Face Challenges Confidently

309 Tex. Rice Land Partners, Ltd. v. Denbury Green Pipeline-Tex. LLC

Tuesday, September 8th, 2015

Richard F. Brown

The following is not a legal opinion.  You should consult your attorney if the case may be of significance to you.
Texas Rice Land Partners, Ltd. v. Denbury Green Pipeline-Texas LLC, 363 S.W.3d 192 (Tex. 2012),held that the grant of a T-4 permit to a pipeline company by the Texas Railroad Commission (“TRC”) did not conclusively establish the company’s status as a common carrier and confer on the company the power of eminent domain.  The burden is on the company seeking to exercise the power of eminent domain to establish that it is a common carrier.  Texas Rice refused Denbury Green access to Texas Rice’s property to survey the proposed location of a carbon dioxide pipeline. Denbury Green filed suit claiming to be a common carrier and requesting a permanent injunction preventing Texas Rice from denying it access to the property.   Denbury Green prevailed on summary judgment, primarily based on the T-4 permit granted by the TRC.   The principal issue was whether a landowner can challenge in court the eminent domain power of a pipeline company holding a common carrier permit to operate a pipeline issued by the TRC.
The court began its review by analyzing Section 111.002(6) of the Texas Natural Resources Code, which “states a person is a common carrier if he: owns, operates, or manages, wholly or partially, pipelines for the transportation of carbon dioxide . . . to or for the public for hire, but only if such person files with the commission a written acceptance of the provisions of this chapter expressly agreeing that, in consideration of the rights acquired, it becomes a common carrier subject to the duties and obligations conferred or imposed by this chapter.
A common carrier, as defined by the Texas Natural Resources Code, has the “‘right and power of eminent domain.’”   The court noted that “while these provisions plainly give private pipeline companies the power of eminent domain, that authority is subject to special scrutiny by the courts,” because Article 1, Section 17 of the Texas Constitution “‘prohibits the taking of property for private use.’”
The court reviewed the TRC’s administrative process in granting an applicant common carrier status, which did not include any inquiry or adjudication as to whether the pipeline would be used for public or private purposes.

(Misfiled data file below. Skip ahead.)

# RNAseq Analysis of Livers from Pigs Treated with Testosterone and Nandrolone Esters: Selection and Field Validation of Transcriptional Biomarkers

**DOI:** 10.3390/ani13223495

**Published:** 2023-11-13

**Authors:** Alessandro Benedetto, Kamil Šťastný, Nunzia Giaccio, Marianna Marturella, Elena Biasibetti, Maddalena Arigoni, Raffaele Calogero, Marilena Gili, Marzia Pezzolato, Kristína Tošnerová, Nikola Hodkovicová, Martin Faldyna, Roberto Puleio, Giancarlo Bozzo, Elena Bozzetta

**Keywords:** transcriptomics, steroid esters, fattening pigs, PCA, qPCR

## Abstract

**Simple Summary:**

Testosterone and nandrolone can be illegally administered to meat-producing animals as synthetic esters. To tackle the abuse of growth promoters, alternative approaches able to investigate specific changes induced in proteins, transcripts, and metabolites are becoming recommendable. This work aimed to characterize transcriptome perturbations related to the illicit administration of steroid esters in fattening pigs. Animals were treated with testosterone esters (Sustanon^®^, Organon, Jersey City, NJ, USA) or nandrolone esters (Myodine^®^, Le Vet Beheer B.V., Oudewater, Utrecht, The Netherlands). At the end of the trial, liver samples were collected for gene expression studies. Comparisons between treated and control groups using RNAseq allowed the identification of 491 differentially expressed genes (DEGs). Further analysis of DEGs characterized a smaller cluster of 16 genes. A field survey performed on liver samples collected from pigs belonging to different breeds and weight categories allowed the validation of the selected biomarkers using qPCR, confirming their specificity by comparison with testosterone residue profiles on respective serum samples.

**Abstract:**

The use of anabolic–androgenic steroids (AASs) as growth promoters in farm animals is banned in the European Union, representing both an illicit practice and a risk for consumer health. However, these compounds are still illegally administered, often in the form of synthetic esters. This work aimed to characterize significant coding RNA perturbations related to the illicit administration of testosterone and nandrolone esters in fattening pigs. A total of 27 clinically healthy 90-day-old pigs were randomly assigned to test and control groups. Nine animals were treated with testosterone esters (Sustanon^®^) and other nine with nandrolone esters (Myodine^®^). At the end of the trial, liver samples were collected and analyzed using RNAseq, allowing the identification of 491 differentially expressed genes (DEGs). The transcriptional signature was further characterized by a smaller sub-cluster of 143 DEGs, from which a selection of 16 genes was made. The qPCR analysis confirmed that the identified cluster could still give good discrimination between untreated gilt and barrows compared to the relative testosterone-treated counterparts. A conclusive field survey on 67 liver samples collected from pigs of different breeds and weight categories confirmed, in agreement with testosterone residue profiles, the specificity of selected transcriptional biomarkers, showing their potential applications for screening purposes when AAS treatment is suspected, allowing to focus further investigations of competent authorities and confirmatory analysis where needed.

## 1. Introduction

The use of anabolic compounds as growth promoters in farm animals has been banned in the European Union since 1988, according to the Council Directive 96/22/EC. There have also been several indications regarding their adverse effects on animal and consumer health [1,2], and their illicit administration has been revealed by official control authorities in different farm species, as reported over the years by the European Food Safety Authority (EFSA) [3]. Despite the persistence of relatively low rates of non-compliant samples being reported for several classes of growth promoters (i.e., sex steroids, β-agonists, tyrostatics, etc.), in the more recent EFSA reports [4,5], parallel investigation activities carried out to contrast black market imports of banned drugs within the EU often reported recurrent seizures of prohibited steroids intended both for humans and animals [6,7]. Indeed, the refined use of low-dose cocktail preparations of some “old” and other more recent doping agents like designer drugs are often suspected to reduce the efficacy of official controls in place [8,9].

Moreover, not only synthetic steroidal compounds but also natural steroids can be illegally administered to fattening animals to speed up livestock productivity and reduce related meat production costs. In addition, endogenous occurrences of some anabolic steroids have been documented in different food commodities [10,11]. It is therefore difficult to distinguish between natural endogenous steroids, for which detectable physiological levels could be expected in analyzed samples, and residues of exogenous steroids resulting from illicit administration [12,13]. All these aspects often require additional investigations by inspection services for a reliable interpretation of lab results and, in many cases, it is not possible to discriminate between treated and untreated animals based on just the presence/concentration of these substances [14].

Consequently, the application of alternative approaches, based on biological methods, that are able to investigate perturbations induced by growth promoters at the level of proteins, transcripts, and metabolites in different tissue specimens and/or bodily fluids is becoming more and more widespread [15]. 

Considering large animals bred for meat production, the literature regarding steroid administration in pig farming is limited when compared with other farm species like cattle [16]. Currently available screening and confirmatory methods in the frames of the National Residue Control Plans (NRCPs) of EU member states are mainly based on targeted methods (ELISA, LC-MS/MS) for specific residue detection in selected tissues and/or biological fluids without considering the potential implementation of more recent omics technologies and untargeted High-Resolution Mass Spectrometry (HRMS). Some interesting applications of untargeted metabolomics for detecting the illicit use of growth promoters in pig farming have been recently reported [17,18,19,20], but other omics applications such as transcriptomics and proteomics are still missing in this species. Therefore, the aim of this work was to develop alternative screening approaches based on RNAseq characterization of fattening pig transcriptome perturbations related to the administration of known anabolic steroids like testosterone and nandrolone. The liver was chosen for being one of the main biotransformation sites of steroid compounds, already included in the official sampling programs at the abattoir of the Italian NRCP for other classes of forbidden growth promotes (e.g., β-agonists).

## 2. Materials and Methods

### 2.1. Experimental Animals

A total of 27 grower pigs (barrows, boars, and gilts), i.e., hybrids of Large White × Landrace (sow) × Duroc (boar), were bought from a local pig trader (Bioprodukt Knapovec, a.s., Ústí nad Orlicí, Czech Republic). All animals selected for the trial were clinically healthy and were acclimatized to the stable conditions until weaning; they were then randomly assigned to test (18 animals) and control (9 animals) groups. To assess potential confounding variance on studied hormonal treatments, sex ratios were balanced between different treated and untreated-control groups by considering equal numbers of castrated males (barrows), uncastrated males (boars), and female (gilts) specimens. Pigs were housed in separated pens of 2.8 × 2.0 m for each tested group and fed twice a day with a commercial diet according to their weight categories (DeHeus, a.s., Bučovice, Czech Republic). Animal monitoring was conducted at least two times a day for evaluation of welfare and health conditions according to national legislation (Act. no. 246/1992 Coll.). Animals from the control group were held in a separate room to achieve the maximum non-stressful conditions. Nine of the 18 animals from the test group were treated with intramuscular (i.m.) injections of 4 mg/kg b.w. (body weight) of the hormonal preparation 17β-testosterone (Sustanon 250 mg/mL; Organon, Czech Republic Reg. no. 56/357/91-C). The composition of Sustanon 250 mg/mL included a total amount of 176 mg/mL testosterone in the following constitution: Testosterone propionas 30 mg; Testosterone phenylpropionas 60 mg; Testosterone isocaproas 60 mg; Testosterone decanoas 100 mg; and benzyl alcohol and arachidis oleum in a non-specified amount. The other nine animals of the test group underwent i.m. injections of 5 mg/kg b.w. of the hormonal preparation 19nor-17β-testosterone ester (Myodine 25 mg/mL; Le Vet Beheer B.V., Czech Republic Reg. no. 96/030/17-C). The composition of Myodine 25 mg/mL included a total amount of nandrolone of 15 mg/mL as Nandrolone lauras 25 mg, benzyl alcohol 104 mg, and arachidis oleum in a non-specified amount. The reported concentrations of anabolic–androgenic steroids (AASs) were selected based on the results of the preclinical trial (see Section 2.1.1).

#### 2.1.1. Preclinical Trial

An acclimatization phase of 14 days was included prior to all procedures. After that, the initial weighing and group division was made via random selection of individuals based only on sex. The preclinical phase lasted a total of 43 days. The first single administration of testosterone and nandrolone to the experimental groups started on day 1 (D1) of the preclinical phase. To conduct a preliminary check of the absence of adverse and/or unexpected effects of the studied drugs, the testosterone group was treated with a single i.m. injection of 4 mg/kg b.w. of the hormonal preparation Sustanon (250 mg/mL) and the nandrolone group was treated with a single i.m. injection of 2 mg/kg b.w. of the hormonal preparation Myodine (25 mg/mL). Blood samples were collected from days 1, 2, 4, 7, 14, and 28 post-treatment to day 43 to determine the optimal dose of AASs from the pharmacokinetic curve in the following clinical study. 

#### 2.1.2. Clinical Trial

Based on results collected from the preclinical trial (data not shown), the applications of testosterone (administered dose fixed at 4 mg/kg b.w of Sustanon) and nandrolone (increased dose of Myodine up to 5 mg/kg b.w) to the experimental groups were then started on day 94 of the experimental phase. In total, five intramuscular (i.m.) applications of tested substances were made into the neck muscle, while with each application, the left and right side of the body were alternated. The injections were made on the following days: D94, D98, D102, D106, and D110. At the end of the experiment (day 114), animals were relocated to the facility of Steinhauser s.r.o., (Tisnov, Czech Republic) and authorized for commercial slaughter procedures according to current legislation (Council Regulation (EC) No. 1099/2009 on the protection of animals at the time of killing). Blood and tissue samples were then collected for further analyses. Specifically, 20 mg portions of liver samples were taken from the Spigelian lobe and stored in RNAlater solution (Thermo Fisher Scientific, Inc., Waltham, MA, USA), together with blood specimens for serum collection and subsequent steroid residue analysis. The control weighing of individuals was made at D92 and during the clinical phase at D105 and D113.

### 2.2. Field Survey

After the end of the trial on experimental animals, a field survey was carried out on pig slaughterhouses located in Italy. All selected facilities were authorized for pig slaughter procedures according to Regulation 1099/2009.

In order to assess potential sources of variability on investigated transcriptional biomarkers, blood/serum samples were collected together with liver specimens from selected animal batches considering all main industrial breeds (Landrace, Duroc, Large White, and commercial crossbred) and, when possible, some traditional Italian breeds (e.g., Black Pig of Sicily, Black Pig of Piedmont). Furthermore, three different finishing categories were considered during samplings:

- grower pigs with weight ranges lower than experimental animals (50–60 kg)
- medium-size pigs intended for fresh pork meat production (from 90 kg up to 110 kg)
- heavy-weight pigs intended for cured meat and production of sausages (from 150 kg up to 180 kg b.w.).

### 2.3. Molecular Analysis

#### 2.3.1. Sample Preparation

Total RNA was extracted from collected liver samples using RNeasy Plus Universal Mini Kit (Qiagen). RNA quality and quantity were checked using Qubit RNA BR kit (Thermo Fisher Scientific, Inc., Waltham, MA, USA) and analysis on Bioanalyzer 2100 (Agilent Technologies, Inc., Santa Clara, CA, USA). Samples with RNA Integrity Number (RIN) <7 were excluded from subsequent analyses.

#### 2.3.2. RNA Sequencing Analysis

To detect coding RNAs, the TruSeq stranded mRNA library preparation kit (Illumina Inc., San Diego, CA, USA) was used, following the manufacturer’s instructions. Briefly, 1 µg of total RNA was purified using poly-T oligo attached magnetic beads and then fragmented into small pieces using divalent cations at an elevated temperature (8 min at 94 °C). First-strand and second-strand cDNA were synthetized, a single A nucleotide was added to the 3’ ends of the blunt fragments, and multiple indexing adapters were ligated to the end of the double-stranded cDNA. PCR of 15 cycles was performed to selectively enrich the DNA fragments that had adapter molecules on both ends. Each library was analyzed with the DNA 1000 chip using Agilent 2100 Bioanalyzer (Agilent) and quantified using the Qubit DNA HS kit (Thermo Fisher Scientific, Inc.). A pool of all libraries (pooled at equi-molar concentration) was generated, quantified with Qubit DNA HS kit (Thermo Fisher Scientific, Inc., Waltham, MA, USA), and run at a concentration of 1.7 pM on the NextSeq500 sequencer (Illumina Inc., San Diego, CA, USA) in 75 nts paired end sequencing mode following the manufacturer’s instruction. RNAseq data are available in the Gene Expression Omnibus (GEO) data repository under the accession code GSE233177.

Apparently, in order to receive a common-carrier permit, the applicant need only place an “x” in a box indicating that the pipeline will be operated as a common carrier, and to agree under Section 111.002(6) to subject itself to “duties and obligations conferred or imposed” by Chapter 111.  Under these minimal requirements, Denbury Green reported itself as a common carrier and obtained a permit a few days later.
“Private property cannot be imperiled with such nonchalance, via an irrefutable presumption created by checking a certain box on a one-page government form.”   The court held “that the T‑4 permit alone did not conclusively establish Denbury Green’s status as a common carrier and confer the power of eminent domain.”   “[A] permit granting common-carrier status is prima facie valid.  But once a landowner challenges that status, the burden falls upon the pipeline company to establish its common-carrier bona fides if it wishes to exercise the power of eminent domain.”
The Court rejected Denbury Green’s argument that making the pipeline available for public use was sufficient to establish common carrier status.  “[T]o qualify as a common carrier under Section 111.002(6), a reasonable probability must exist that the pipeline will at some point after construction serve the public by transporting gas for one or more customers who will either retain ownership of their gas or sell it to parties other than the carrier.”   There was some evidence that Denbury Green intended to fully utilize the pipeline for its own purposes, and therefore, Denbury Green did not establish common carrier status as a matter of law.
The significance of this case is the holding that the T‑4 permit issued by the TRC is prima facie valid, but when a landowner challenges the company’s right to exercise the power of eminent domain, the burden is on the pipeline company to establish that it is a common carrier.  The pipeline must be for a public use and not just for a private use.